Thursday, February 26, 2015

Social Security Disability Benefits for Children

A disability is an unfortunate circumstance for any child and his/her family. It reduces the chances for the child to have a good quality of life, to say nothing of the financial challenges that could complicate things further for the family. Despite these, it should not always be viewed as a hardship; after all, every child is a gift, and with enough love and proper care, the child and his/her family can live the way they’re meant to.

To help with the financial concerns that come with any disabling condition, a family can gain benefits from social security disability for children. For example: low income families with disabled children can claim Supplemental Security Income (SSI) before those children turn 18.

Wednesday, February 25, 2015

Avoid These When Filing an SSDI Claim

Among SSDI applicants, it’s common to hear that the process they must go through is long and arduous. They would be right: SSDI processing is so stringent that only about 30 percent of claims are approved at the initial stage. So what happens to the other 70 percent? Chances are, they committed either one, two, or all of these mistakes.

Faking it– At times, crooks see the SSDI application process as a way of getting money without working. They do this by trying to fabricate their injuries and the “credentials” that prove it, with the aid of fraudulent people like themselves. Attempting this could lead to serving jail time.

Friday, February 20, 2015

Requirements for Medicaid Eligibility

Through the decades, Medicaid has provided health coverage to millions of Americans across all states. Jointly funded by the federal government and the individual state, it covers adults with low income, the elderly, pregnant women, persons with disabilities, and children. However, to be eligible for Medicaid, one must first meet general and financial requirements.

General Requirements

To be eligible for Medicaid, you must be a U.S. citizen and a resident of the state where you are applying. You must also have a Social Security number. Additionally, you must either be 65 years of age or older, pregnant, blind, or permanently disabled according to the definition of the Social Security Administration. Children, or their parents or guardian, may also be covered by Medicaid.

Saturday, February 14, 2015

Healthcare Requires Cash: Revenue Cycle Management

No one expects to pay cash when they go to a hospital. After all, the usual reason for going is a medical emergency. Hospitals are typically paid by the patient’s health insurance. The problem is, this means that the facility will not receive payment until all the paperwork is done; which can throw a spoke in paying the bills for its maintenance. The functions and processes in capturing, managing, and collecting revenue in a healthcare system is known as revenue cycle.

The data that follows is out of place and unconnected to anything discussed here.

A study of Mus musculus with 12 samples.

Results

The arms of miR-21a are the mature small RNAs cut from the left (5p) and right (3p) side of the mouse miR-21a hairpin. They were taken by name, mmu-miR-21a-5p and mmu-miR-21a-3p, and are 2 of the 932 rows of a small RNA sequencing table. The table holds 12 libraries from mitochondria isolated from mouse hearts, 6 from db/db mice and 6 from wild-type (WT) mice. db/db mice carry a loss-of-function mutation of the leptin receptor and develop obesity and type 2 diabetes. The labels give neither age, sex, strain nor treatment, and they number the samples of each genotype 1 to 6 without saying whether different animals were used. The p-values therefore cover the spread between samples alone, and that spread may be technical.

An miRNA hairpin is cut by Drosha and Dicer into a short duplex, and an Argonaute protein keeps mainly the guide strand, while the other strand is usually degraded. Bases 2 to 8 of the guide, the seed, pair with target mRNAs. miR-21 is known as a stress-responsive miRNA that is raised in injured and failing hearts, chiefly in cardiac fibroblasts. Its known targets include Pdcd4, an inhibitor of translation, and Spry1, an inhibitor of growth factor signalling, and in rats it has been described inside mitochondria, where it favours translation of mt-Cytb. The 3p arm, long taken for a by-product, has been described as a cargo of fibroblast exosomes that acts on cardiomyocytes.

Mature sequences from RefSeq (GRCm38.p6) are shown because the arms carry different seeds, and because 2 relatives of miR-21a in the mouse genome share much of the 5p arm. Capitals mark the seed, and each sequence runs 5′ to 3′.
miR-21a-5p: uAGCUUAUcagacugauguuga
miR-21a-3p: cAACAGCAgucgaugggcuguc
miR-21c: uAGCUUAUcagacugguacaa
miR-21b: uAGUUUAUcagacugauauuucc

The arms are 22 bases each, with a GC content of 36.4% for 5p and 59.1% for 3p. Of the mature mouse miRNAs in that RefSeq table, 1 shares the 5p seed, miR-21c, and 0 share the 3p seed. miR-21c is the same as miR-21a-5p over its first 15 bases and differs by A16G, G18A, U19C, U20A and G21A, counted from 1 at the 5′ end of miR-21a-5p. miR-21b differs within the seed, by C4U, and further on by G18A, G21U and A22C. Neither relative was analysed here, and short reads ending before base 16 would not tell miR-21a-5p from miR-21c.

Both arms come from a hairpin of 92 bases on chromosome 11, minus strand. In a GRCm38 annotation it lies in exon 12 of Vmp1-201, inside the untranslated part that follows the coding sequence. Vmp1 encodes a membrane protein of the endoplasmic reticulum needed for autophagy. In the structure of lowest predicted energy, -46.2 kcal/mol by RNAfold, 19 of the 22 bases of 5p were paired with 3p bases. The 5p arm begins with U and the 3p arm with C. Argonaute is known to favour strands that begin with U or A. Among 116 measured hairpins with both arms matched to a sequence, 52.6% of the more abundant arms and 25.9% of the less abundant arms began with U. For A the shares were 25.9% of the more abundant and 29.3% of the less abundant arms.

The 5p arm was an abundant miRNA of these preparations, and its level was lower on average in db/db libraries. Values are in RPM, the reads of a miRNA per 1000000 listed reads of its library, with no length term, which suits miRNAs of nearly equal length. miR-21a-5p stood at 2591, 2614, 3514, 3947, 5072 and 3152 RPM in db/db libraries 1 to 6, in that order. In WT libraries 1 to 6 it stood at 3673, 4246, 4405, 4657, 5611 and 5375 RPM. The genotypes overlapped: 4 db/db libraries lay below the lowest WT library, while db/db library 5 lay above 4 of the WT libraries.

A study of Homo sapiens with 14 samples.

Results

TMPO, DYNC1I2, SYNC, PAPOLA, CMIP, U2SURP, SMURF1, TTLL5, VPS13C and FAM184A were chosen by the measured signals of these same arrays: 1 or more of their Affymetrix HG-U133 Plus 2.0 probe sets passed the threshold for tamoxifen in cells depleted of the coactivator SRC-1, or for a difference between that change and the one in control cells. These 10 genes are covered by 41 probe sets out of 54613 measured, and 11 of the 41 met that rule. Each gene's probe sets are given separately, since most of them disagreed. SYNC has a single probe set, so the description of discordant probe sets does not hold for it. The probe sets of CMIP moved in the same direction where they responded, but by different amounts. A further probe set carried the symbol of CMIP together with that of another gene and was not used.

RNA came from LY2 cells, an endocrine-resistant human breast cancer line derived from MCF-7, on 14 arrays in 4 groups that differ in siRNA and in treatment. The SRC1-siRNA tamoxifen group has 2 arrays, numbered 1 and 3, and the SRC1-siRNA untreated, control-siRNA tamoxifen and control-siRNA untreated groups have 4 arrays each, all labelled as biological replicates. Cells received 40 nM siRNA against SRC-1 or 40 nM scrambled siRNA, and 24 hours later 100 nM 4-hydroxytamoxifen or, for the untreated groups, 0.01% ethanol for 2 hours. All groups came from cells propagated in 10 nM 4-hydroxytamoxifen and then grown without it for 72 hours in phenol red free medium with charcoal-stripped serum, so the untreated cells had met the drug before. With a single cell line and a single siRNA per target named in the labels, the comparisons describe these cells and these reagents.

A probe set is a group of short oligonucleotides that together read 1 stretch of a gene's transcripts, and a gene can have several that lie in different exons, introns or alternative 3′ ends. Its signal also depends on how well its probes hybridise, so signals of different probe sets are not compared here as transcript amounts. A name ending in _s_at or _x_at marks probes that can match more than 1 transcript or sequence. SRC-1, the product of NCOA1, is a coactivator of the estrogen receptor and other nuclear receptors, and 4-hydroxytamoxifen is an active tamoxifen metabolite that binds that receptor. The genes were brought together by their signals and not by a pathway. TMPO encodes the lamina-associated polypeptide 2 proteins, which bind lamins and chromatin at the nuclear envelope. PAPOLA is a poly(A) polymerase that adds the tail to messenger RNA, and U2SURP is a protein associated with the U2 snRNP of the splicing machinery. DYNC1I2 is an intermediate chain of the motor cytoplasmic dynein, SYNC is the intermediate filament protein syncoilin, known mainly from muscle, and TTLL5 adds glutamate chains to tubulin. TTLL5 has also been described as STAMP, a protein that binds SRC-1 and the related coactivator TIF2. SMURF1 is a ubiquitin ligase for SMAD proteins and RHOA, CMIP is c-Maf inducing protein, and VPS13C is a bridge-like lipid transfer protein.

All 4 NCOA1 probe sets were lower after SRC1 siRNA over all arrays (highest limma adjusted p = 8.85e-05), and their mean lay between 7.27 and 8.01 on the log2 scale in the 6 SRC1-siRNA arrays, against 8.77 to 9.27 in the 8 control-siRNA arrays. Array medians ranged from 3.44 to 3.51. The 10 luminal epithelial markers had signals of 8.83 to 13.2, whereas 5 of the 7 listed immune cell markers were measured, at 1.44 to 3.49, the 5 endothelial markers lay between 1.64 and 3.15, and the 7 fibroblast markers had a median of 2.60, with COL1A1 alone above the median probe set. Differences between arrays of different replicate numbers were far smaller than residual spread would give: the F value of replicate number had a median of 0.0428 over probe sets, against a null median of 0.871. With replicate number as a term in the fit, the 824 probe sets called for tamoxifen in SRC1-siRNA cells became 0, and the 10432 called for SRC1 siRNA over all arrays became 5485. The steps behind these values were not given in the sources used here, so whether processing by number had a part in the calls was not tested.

Tuesday, February 3, 2015

Affordable Care Act Marketplace Navigators Offer Valuable Guidance

Choosing a health plan could prove more challenging this year because of the many new health insurance marketplace coverage options that have been introduced. There are 25% more issuers this year, and the increased competition has resulted in more opportunities for lower premiums. It is estimated that around 80% of consumers this year can find coverage for only $100 or less. Given all the new options, shoppers need to be careful about the kind coverage they get. First, they have to choose from four health plan categories: platinum, gold, silver, or bronze. Platinum and gold plans have higher premiums, but will require less out-of-pocket expenses. Silver and bronze plans, meanwhile, have lower premiums, but higher out-of-pocket costs.

Sunday, February 1, 2015

Social Security Disability Services Help Claimants Get Needed Benefits

Despite accusations of fraudulent SSDI claims, many experts point to the difficulty of actually meeting Social Security disability eligibility standards. For a member to qualify, he must prove that his condition is severe enough to prevent him from working not just on his previous job, but on any job in any industry; and that the impairment is expected to last for at least one year, or result in death. Additionally, the member should have paid a minimum amount to the SSS by the time of his disability, depending on his age. In fact, as the LA Times reports, only around 41% of all SSDI applicants get approved for benefits.